The “tiny house movement” is one of the hottest retirement living trends and one answer for people seeking a low-cost living alternative.
Tiny houses are carefully designed dwellings that average about 400 square feet, although some are as small as 100 square feet. A few people who live in homes as big as 1,000 square feet claim that they joined the movement. For a good idea of what it is all about, check out HGTV’s Tiny House Builders, a series that started early this year and runs occasionally.
Financing a small challenge
One of the first challenges that extreme-downsizer wannabes encounter is financing their tiny dwellings. The average price of a tiny home is $23,000, according to Todd Nelson, business development officer at LightStream, a division of SunTrust Bank that offers unsecured loans and is doing an increasingly large business in small homes.
Nelson says it can be easier to get financing if the home is on a mobile platform and certified by the Recreational Vehicle Industry Association, or RVIA. Then the home will qualify for a standard recreational vehicle loan with current rates between 5% and 6% for seven years — sometimes more — after a 10% down payment.
If your tiny house isn’t on wheels but also isn’t on a permanent foundation — it remains moveable — Nelson says his company offers unsecured loans for as long as seven years for such purchases up to a maximum of $100,000. You must have good credit and enough income that it appears likely that you can afford to pay for it. Unlike some banks, LightStream will consider all forms of income, including investment and rental income. LightStream also will finance the purchase of a lot for your tiny home.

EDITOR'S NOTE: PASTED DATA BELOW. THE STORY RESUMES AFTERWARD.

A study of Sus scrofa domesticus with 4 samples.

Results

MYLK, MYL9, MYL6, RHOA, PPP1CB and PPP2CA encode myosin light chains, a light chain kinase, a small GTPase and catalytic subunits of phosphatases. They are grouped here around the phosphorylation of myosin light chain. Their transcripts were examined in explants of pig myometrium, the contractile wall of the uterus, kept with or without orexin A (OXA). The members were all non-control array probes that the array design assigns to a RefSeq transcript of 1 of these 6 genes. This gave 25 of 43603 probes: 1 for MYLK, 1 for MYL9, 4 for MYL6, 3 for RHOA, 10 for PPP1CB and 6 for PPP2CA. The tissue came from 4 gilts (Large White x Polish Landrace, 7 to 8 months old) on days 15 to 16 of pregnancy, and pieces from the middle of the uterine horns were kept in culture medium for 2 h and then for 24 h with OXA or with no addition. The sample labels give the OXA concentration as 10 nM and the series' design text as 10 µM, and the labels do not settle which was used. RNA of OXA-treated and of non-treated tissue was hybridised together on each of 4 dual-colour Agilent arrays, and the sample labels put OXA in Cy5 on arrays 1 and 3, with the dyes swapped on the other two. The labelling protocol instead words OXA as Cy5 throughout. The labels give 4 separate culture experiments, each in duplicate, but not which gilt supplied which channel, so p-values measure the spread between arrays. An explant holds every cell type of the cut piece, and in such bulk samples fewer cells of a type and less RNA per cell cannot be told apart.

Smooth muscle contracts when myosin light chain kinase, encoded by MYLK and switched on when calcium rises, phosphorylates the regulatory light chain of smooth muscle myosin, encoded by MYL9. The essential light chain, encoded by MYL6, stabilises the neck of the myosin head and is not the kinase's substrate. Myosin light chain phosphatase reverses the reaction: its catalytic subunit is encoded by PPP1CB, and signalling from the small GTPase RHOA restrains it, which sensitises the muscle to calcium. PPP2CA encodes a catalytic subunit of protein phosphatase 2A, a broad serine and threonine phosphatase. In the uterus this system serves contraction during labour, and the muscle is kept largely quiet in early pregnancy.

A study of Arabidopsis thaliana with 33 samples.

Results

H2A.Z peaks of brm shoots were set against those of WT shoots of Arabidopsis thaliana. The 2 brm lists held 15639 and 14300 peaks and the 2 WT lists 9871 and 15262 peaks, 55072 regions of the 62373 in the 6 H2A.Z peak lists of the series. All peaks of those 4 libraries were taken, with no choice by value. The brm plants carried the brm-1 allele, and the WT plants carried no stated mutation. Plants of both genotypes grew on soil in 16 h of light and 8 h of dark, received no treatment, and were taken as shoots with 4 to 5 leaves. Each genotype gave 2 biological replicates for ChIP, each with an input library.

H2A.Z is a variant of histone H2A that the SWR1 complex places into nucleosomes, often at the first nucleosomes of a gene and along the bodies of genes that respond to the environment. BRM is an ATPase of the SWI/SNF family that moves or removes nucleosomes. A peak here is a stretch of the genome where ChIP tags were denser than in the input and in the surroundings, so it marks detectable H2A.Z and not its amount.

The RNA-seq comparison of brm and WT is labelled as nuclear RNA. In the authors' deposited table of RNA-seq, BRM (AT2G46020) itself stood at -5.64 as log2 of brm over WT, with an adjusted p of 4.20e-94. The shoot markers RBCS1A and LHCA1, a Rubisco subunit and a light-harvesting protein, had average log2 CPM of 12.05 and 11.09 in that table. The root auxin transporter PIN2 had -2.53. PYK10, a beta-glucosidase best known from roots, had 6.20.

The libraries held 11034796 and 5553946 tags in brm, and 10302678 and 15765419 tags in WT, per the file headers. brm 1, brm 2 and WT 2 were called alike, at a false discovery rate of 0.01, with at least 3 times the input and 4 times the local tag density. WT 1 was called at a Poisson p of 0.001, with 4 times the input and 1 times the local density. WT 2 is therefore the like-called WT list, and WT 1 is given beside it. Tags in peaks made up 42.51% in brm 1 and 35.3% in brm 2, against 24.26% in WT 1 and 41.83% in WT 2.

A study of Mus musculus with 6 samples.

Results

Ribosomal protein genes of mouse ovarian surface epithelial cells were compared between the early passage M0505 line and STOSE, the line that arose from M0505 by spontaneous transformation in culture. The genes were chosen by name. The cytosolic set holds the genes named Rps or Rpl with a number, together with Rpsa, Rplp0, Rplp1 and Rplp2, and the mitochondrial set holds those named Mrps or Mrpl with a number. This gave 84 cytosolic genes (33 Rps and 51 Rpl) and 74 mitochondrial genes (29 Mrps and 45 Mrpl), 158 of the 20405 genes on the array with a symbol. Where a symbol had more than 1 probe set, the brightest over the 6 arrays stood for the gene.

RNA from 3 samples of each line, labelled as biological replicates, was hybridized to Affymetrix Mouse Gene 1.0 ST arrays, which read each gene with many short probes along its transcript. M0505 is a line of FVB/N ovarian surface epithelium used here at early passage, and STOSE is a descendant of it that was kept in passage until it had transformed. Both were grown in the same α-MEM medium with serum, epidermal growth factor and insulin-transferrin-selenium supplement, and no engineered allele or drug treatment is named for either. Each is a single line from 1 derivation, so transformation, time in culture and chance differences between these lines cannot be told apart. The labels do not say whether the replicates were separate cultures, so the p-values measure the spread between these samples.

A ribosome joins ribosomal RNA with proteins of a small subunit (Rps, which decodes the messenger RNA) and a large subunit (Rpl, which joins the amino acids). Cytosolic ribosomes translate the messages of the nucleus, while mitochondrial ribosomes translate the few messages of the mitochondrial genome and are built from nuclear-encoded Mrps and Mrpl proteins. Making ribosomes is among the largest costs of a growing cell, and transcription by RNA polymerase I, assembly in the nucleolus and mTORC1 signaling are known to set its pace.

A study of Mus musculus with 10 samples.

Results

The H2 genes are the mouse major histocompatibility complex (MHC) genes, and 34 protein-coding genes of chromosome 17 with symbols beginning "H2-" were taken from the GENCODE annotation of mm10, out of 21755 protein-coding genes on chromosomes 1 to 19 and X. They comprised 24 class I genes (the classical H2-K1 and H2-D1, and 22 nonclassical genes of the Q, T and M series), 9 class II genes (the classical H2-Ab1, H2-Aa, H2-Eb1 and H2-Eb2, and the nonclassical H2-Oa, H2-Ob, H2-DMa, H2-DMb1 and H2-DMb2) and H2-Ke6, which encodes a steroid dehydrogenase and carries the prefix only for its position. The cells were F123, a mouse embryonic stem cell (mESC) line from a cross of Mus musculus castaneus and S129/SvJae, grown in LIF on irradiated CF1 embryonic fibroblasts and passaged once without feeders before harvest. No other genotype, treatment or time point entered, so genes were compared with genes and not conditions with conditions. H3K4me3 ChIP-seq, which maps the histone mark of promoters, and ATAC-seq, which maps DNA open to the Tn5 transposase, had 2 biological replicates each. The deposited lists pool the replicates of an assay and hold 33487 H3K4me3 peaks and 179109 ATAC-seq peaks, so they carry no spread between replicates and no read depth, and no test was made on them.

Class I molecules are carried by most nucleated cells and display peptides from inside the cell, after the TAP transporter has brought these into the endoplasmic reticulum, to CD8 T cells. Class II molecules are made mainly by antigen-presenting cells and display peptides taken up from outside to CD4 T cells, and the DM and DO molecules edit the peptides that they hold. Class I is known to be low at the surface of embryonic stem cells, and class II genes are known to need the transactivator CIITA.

If your home is going to be on a permanent foundation — meeting all the local zoning codes and licensing rules — then you may find a traditional mortgage lender willing to finance the transaction. If you have a relationship with a credit union, that’s a good place to start, says Alex Pino, who blogs at TinyHouseTalk.com.
Finally, you might want to just save up and pay cash. Nelson says that’s what 68% of tiny-home buyers do.
If you are going to use your tiny home as a second home, here are related expenses to consider.